In my opinion, being a leader in the early years has always been the best job in the education sector. For me, it’s the most rewarding in terms of seeing how we can make a difference as we watch young children grow and develop. The delight of working with young children reminds us of the awe and wonder of the world every day. No two days are the same, and we are always learning from the children around us. However, it’s not for the faint hearted. Long hours, year round care, undervalued within the education sector both in terms of pay and status, leading an early years team is certainly not to be seen as an easy option. To be successful as an early years leader, practitioners really need to have a passion and a belief in the essential nature of the education they enable young children to have, to underpin their knowledge and expertise in early years which is vital to promoting the best outcomes for every child.
This past year has of course been particularly challenging across the world. Perhaps one of the hardest things has been the way that the pandemic has forced early years practitioners to work in a way that they knew wasn’t most beneficial to young children. The best early years enabling environments allow children freedom to choose, the liberty to move around, investigate the world, ask questions and satisfy their curiosity by trying and testing in a hands on way. Being with knowledgeable adults that are able to respond to their needs, supporting and scaffolding their learning within trusting relationships, has always allowed children to have the best early learning experiences. When asked ‘ what is it like for a child in this setting?’ the confident knowledgeable leader knows that they have enabled their staff to provide the best learning environment, and the answer to that question reflects their values and beliefs about the nature of best early years practice. The last year it has been much more challenging for all early years practitioners but especially for leaders as they try to support children, families and staff while providing an environment that has been restricted by the need to be Covid secure.
The past year has meant great change for us all, but I also think it has shown the resilience of the early years and the necessity of knowledgeable adults and a supportive team. Historically, early years settings have had the most flexible educational frameworks; we have always had more space to use our professional knowledge if we choose to use it and put what we know is right for children at the forefront of our practice. I think that this year has shown just how great the early years has been at adapting to the pandemic conditions while keeping the child at the centre of everything we do. I have heard of many innovative practices that have developed as a response to the changing conditions to support children’s emotional and physical development. But this is nothing new. Effective early years leadership has always been proactive and supportive of adapting practice to meet children’s needs.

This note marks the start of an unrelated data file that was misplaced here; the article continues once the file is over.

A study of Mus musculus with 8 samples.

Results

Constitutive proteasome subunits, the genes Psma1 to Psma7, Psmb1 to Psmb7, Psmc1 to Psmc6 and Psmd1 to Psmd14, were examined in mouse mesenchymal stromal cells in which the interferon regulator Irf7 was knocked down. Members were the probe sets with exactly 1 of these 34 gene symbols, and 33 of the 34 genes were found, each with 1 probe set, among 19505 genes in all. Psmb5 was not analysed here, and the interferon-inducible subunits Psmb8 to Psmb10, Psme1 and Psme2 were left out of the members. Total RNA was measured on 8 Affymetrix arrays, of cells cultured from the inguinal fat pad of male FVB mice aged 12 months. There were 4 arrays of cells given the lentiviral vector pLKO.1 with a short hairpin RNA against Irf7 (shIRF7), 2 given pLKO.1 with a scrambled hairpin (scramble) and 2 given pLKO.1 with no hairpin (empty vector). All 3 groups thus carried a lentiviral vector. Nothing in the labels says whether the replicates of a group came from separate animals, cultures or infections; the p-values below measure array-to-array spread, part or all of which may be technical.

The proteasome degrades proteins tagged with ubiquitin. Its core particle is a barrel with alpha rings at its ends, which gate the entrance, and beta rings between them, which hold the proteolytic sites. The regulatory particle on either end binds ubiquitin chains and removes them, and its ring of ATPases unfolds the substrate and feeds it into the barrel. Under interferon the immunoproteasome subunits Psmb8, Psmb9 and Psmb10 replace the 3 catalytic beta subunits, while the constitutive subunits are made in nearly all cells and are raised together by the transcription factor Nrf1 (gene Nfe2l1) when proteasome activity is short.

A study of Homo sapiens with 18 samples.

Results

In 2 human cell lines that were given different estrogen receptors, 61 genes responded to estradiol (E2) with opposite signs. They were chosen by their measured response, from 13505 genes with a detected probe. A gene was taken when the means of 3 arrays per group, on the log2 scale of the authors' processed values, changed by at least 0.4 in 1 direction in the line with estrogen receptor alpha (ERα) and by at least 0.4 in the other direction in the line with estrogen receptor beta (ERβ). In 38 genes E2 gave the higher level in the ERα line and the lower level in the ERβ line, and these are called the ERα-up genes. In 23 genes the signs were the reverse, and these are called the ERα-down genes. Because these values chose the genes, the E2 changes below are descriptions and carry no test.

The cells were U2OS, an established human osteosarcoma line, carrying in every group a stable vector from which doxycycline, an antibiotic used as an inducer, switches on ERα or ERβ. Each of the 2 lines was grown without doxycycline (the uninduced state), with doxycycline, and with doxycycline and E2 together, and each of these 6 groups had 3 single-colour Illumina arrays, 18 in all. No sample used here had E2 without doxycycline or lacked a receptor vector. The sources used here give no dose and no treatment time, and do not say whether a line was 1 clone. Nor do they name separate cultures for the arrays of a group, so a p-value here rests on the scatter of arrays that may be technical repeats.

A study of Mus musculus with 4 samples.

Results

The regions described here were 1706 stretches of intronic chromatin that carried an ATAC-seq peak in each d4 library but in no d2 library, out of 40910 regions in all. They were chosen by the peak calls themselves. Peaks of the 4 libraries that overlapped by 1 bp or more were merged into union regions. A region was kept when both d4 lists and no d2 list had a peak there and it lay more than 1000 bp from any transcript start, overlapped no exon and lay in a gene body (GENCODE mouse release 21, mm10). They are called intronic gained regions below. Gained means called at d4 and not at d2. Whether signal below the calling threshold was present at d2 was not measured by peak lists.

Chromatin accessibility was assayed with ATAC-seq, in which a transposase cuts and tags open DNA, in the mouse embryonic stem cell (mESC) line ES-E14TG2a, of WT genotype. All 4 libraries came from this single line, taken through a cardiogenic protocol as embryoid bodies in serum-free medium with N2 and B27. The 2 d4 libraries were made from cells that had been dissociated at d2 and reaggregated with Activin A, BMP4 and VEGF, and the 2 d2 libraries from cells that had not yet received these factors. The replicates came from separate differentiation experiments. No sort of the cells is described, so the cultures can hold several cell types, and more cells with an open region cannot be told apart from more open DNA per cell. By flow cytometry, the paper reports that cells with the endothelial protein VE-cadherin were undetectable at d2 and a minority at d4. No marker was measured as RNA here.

This can only be achieved by a professional trained workforce who get the support and recognition they deserve. In all of this the positive news is the greater appreciation from parents and recognition from the wider society that good early years provision is not just necessary for children’s wellbeing and learning but also for families, especially mothers, if they are to be able to access the workforce. Now is the time to reflect on the changes and challenges and move forward in a positive way. Forced change makes us innovators and I think the best early years leaders recognize that. The most effective leaders have always recognized the need for qualified knowledgeable staff who have the tools and confidence to adapt their practice. Effective early years leaders share their vision, articulating it through what they do and enable their staff to do so too, supporting children and their families to build firm foundations for the future. We must all invest in the future of good early years provision. Now is the time for early years leaders to share their values and beliefs about best practice by ensuring that they have a qualified workforce to put these values and beliefs into practice. Leaders must work together as we settle into a new normal, to ensure that all educators are trained and supported throughout their career, and that early years is a career that is valued and supported by all, at all times, not just in times of extreme challenges.
Author: Dr. Sarah Rogers is the founder, owner and CEO of Quest, the leading NCFE/CACHE centre in the Middle East for courses for early years teachers and teaching assistants. She is an expert in early years best practice and promotes the need for quality training to enable educators to provide the best outcomes for all young children. Long and short courses are held in Dubai and online. For further information visit www.eyes-me.com or contact Pam at firstname.lastname@example.org.